Jacksonville, FL (PRWEB) July 17, 2013
A golden retriever being raised by Duval County Judge Emmet Ferguson for new Horizons Service Dogs is named Wolfson, in recognition of Wolfson Children’s Hospital. Ferguson’s 6-year old daughter Emma Ruth has been a patient at Wolfson Children’s many times since her birth. This is the second time that Judge Ferguson has raised a pup for New Horizons Service Dogs, an Orange City-based organization that partners trained dogs with disabled clients throughout Florida.
A litter of New Horizon puppies born in late 2012 is named for Jacksonville area healthcare facilities, explains New Horizons Founder and Executive Director Janet Severt. “We are always looking for innovative themes when naming our litters,” she says. “The day we named this litter, I was having a medical treatment at Mayo Clinic and I was also over at Brooks Rehab where we have dogs. Then I saw Judge Ferguson that day so it just seemed to fit.”
Ferguson previously raised a black Laborador named Lear Jet who died in 2010 after being with him and his wife, Julie for nine years and producing three liters. In December 2012, Severt worked with Julie to surprise Emmet with Wolfson, who will also be a breeder dog.
“They hadn’t named the individual dogs yet, so when I learned they would be named after hospitals, I said I wanted this one to be named Wolfson,” he says. “Emma Ruth has been a patient at Wolfson Children’s Hospital numerous times and we have always been so pleased with the care they provided.”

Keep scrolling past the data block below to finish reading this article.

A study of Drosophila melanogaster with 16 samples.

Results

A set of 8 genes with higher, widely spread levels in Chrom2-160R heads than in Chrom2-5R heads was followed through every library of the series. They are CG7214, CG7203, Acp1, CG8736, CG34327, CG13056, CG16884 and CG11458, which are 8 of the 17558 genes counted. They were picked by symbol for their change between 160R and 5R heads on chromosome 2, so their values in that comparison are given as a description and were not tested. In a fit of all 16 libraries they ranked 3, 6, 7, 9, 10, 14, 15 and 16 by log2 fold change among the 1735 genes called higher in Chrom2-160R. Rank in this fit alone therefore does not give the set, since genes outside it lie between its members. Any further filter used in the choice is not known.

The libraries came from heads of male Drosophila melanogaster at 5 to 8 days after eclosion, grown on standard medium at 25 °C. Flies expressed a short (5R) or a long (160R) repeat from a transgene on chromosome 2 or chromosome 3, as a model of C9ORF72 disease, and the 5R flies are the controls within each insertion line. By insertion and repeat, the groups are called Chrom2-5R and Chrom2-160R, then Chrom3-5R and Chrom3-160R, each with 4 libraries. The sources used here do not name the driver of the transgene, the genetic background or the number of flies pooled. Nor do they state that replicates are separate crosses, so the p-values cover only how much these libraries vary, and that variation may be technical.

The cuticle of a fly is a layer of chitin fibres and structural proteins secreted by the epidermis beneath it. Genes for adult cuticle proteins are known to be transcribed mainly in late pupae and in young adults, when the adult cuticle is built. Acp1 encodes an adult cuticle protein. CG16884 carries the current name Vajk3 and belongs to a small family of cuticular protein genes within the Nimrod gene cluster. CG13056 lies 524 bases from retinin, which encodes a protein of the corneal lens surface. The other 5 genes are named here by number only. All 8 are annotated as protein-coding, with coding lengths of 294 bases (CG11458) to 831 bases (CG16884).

The other dogs in the litter are named Mayo, Brooks, Shands and Nemours.
The Fergusons’ relationship with New Horizons Service Dogs began about a decade ago when the two were eating in a coffee shop in Neptune Beach and saw a service dog take a receipt from a cashier at a counter and deliver it to a customer.
They learned that the dog was in training to be a service dog with New Horizons and Ferguson talked his wife into letting him become a volunteer trainer. Shortly after, he received Lear Jet and began the two-year process of training her. When it came time for Lear Jet to go into service, Ferguson, along with his wife, had grown quite attached to the dog and suggested that her temperment might be better suited as a breeding dog. “She was a very sweet dog, but a little shy,” he said. Severson and the Board of Directors at New Horizons agreed, so Lear Jet ending up staying with the Fergusons.
Ferguson has become a big advocate of service dogs and says he would like to see them used more in the court system to help calm traumatized victims. “There is just something about dogs that is so soothing, and there are so many places where therapeutic dogs can serve an important role.”
Wolfson Children’s Hospital President Michael D. Aubin agrees. “We have long recognized the importance of dogs as a source of comfort and support for people in many different situations. We have offered a pet therapy program at Wolfson Children’s Hospital for 18 years and we recently began a Healing Paws visitation program that allows our long-term patients to receive a visit from their own dog. We are honored to know that Wolfson Children’s Hospital has a namesake pup that will one day produce litters of service dogs to assist those with mobility-related and other disabilities.”
Since 1995, New Horizons has trained and placed service dogs primarily to assist adults and children in wheelchairs and individuals with other mobility and balance problems. They have specialized programs for veterans with disabilities and children with autism. They also have dogs assisting in rehabilitation facilities, nursing homes and the court system.
Read the full story at http://www.prweb.com/releases/WolfsonChildrens/ServiceDogs/prweb10929713.htm.